How to decant wine — and why

Is your decanter gathering dust at the back of a cupboard? If so, says Harry Eyres, it’s high time you started using it to breathe more life into your wine.

Britain’s most established wine magazine is named Decanter. I expect many of us possess one or more of the bulbous glass receptacles it is named after; I remember a row of them sitting on a sideboard at my parents’ house. They can be beautiful objects, especially those from the 18th century. But how often do any of us use them?

My sense is that decanting wine has gone out of fashion — not that it was ever uncontroversial. In my very first job as wine controller of the Tate Britain restaurant, I was berated by a customer for decanting his Pichon Lalande 1975. ‘You’ve de-aged my wine by 20 years!’ he expostulated, bafflingly. It was always, in any case, a practice mainly limited to two types of wine: classed growth quality red Bordeaux and vintage or crusted Port. (Richard Olney in his classic monograph Romanée-Conti reports that decanting has never been the practice at Burgundy’s most celebrated domain.)

There was — and remains — a strong practical imperative in both cases: the need, with un- or minimally filtered red wine and Port, to separate the clear wine from the sediment or dregs, the residue of grape skins and, sometimes, pips and stems that gradually fall out of the wine as it matures. Bottle-matured Port has far more of this stuff than any other wine and, here, the necessity of decanting is unquestioned. With classed growth Bordeaux, my impression is that the wines throw less deposit these days; I’m not sure of the technical reason.

However, there’s a second argument in favour of decanting, which has nothing to do with separating the clear wine from the sediment. Decanting is also a way of aerating the wine and thus speeding up its oxidation — or in more poetic language, letting it breathe.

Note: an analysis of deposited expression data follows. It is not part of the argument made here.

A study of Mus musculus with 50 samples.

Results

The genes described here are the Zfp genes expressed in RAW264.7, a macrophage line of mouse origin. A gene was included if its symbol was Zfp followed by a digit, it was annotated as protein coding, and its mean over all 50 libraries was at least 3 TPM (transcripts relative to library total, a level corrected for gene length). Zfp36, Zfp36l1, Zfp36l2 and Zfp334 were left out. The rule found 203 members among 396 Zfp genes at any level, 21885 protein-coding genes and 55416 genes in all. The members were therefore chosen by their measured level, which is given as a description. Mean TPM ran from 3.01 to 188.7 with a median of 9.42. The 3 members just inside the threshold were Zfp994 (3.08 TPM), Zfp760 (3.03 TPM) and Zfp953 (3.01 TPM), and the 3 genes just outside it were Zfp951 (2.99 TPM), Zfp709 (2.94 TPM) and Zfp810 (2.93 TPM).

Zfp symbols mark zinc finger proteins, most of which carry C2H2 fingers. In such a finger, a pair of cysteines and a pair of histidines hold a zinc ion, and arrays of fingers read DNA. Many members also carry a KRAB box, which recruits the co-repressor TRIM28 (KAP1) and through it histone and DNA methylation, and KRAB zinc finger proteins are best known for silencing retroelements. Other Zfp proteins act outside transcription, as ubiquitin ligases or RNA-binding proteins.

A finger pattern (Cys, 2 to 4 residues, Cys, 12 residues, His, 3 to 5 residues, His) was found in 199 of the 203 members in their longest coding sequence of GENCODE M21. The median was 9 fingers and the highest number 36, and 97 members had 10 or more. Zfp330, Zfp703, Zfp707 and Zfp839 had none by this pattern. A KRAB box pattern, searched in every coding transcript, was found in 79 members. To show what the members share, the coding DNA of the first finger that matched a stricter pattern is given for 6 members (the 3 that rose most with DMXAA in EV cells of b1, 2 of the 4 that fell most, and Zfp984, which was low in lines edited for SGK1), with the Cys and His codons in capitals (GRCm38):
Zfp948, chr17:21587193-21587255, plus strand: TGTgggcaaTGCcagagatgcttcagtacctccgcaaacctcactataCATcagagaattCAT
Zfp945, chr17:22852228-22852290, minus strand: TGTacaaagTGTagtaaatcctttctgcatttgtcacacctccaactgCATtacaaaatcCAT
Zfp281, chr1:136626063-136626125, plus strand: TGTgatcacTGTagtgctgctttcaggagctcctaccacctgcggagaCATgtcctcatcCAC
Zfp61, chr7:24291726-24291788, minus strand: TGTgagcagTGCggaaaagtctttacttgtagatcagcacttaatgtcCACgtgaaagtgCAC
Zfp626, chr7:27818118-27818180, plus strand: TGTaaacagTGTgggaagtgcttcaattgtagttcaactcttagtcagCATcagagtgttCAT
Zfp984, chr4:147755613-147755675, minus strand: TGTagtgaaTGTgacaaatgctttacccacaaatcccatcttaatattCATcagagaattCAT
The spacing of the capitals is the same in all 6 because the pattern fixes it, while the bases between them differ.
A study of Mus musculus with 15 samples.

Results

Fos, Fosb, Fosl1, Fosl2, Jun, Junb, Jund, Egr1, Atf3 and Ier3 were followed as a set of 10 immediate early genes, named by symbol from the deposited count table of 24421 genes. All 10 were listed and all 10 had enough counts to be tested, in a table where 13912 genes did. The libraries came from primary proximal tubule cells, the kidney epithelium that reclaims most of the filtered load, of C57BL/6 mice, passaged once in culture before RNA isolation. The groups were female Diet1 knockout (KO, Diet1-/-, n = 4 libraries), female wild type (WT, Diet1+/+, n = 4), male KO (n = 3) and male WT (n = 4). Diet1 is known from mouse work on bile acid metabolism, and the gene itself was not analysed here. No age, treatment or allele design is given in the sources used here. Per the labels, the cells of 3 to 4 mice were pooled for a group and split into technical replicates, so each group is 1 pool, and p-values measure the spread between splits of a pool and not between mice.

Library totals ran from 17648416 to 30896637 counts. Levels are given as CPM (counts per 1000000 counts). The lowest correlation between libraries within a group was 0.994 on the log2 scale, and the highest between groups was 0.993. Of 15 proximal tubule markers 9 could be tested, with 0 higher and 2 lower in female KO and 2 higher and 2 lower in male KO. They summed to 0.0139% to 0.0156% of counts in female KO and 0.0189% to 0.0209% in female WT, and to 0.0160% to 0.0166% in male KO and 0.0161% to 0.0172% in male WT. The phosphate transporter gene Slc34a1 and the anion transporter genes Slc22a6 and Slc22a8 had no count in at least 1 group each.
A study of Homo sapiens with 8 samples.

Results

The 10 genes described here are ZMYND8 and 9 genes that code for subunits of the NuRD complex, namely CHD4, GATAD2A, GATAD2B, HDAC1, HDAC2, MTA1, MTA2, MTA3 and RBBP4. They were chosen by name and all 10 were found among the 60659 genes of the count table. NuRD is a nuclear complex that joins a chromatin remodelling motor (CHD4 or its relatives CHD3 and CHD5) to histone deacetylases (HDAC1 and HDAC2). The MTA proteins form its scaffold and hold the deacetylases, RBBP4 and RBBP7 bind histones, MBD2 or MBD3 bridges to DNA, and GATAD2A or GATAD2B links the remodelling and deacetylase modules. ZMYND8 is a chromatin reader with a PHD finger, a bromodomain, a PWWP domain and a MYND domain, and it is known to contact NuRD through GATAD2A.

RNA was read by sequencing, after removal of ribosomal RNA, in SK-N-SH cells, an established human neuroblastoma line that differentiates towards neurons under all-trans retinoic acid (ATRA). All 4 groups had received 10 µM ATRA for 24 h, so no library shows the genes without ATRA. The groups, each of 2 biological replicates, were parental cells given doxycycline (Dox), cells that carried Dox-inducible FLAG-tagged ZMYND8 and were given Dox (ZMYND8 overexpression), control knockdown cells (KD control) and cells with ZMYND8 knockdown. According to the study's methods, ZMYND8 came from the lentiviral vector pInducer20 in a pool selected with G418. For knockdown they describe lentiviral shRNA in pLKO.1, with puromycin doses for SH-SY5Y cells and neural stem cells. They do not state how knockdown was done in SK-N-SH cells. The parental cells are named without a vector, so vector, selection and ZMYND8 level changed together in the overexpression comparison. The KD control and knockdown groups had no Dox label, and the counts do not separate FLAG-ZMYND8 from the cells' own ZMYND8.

Do wines need to breathe? Actually, I would say in many cases they do. Remember that older wines have been sealed up in a kind of prison since their early youth (in barrel), in contact only with the tiny pocket of air between the level of the wine and the bottom of the cork. Taking in fresh air refreshes and rejuvenates them, for a while at least, and can remove traces of mustiness, although not cork taint, which is another matter.


Young wines that have been made anaerobically or reductively can also benefit from air to take away reductive aromas. Controversially, my wine merchant father believed in decanting not only red Burgundy, but complex white Burgundy also (Meursault, Puligny-Montrachet, Corton-Charlemagne). There’s a logic in that such complex white wines, as much as red wines, need time to develop. Jobard’s Meursault is almost undrinkable at less than five years of age. The prejudice against decanting white wine may be partly explained by the quasi-medical appearance of a pale-yellow liquid in a receptacle.

Deciding how far in advance to decant is a knack, acquired by trial and error. Finding the sweet spot with older vintages of Bordeaux, where they have fully opened up, but not faded away, is the Holy Grail of the obsessive decanter (I mean the person who decants). An hour or two is the usual range with ‘middle-aged’ Bordeaux, I find. Once you know how a wine reacts to decanting, you can be more precise.

Finally, how do you do it? In my first book, The Bluffer’s Guide to Wine, I said that decanting was a simple process, but must be made to look as complicated as possible. The indispensable accessory is a candle, which must be placed in such a way as to illuminate the neck of the bottle, so you can see when the first sediment arrives there and then stop decanting. With vintage Port, this part can be tricky as the glass used for the bottles is so dark. If in any doubt, a piece of muslin or a decanting funnel placed in the mouth of the decanter can be used as a safeguard to catch sediment and pieces of cork, which may have fallen into the bottle — don’t worry, they won’t affect the flavour. Despite what Jane MacQuitty wrote recently in The Times, don’t dispose of those decanters yet — use them and I’m sure they’ll enjoy being filled once more with ‘the true, the blushful Hippocrene’.